NASCAR and Formula 1 (F1) both have seasoned fanbases, and those fans have their preference for how motorsports should be. Ask any fan of either F1 or NASCAR which sport is better, and odds are they side with their sport. But, when critically determining which sport is better, certain objective criteria arise, as well as many questions. What makes a sport great? What draws fans towards a particular sport? What makes one sport to be better than another?
Most sports enthusiasts would agree, sports can facilitate a sense of community, and the advancement of team building and athletic skills. Whether you are rooting for Max Verstappen and the Red Bull team during a late season Grand Prix, or you are a seasoned Jimmie Johnson fan watching him dominate at Talladega, you probably find similar amounts of excitement watching whoever your favorites are flying around the track. This concept, then, may be the first factor when determining whether one sport is better than another. Are fans engaged with the sport? Have they built an emotional connection to sports athletes? Does the sport fulfill a positive collective desire? In the case of both NASCAR and F1, the answers are undoubtedly yes, yes, and yes.
Motorsports have a rich history that dates all the way back to the late 1800s. Interestingly, history is where the two sports share the most in common, as Formula 1 was technically invented just one year prior to NASCAR, which formed in 1947. A notable difference between them is that NASCAR was born from American stock car racing, and has yet to expand too far globally, leaving the sport with a feeble global presence compared to F1. F1, on the other hand, hosts races all across the globe, with drivers that come from many different countries competing in F1 events.
NASCAR does, however, have a unique historical identity. Built upon the legacy of dirt racers, it could be said that the sport draws a particular amount of its fans due to its humble origins. F1 has always held a stigma of elitism, perhaps in part due to the large economic barrier someone needs to overcome in order to become an F1 driver. NASCAR drivers, historically, have found that success often comes by starting young and grinding through the ranks. This is not to discredit the effort and skill needed to become an F1 driver, though, as the process is surely as intensive if not more than NASCAR drivers.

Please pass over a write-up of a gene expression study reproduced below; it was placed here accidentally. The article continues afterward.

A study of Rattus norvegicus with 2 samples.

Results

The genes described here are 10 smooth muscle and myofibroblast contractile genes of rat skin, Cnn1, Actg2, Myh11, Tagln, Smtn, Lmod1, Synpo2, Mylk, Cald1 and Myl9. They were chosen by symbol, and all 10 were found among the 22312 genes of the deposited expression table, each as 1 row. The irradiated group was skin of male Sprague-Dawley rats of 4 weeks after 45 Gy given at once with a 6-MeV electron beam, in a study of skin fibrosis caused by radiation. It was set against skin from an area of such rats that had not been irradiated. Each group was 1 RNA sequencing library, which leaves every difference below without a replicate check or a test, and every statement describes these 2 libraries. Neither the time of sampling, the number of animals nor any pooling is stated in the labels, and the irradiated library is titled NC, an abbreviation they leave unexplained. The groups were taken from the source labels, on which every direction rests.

However, history and identity alone do not make one sport greater, but rather they serve to illustrate how the differences between the sports arose. The purpose of F1 historically seems to have been for automakers to showcase the insane abilities of their vehicular components, as well as gain clout over other automakers, whereas NASCAR appeared to draw its attention towards the high octane energy of compact, bumper to bumper racing, at a cost of using considerably scrappier, man-made vehicles.
Thus, if you value vehicular craftsmanship of legacy companies like Ferrari, as well as a deep global presence, F1 may be your sport of choice. If you would prefer the constant, exciting chaos and thundering noise of an ovular racetrack, with stock cars built by scrappy teams of car enthusiasts, NASCAR is your wheelhouse.
While both motorsports were born in the same era, the two sports could not be more different when observing their respective racing and cultural styles. F1 races typically take place on long circuits, many of which are placed in the middle of cities and towns and stretch across vast, varying environments. In contrast, NASCAR races take place in a stadium packed tightly with fans, and the drivers race in an ovular patter for the entire duration of the race.
This is where NASCAR receives the most amount of backlash from F1 fans, and the position is difficult to refute. How can people enjoy watching drivers speed around in circles? Where is the excitement? While it is true that NASCAR lacks the gorgeous and varying settings of F1 races, many people prefer the chaos and close quarters racing that NASCAR provides. Additionally, fans of F1 are not always able to observe the entire race from the stands, and must resort to watching portions of the race on monitors or screens.
Ultimately, it is almost impossible to answer the question of which sport is better. F1 fans love their sport, for good reason. The cars are lightweight and agile. The courses are beautiful and varying. The history and prowess of the sport is rich, powerful and arguably elite. Similarly, NASCAR fans love the chaotic energy of their sport. The tracks are loud and imposing. The cars have character. The drivers are personalities, not simply extensions of a larger automaker.
Before answering for yourself, do take time to consider stereotypical depictions of each sport, in addition to the contexts and styles of each. Whatever your sport though, these two can agree that speed is king.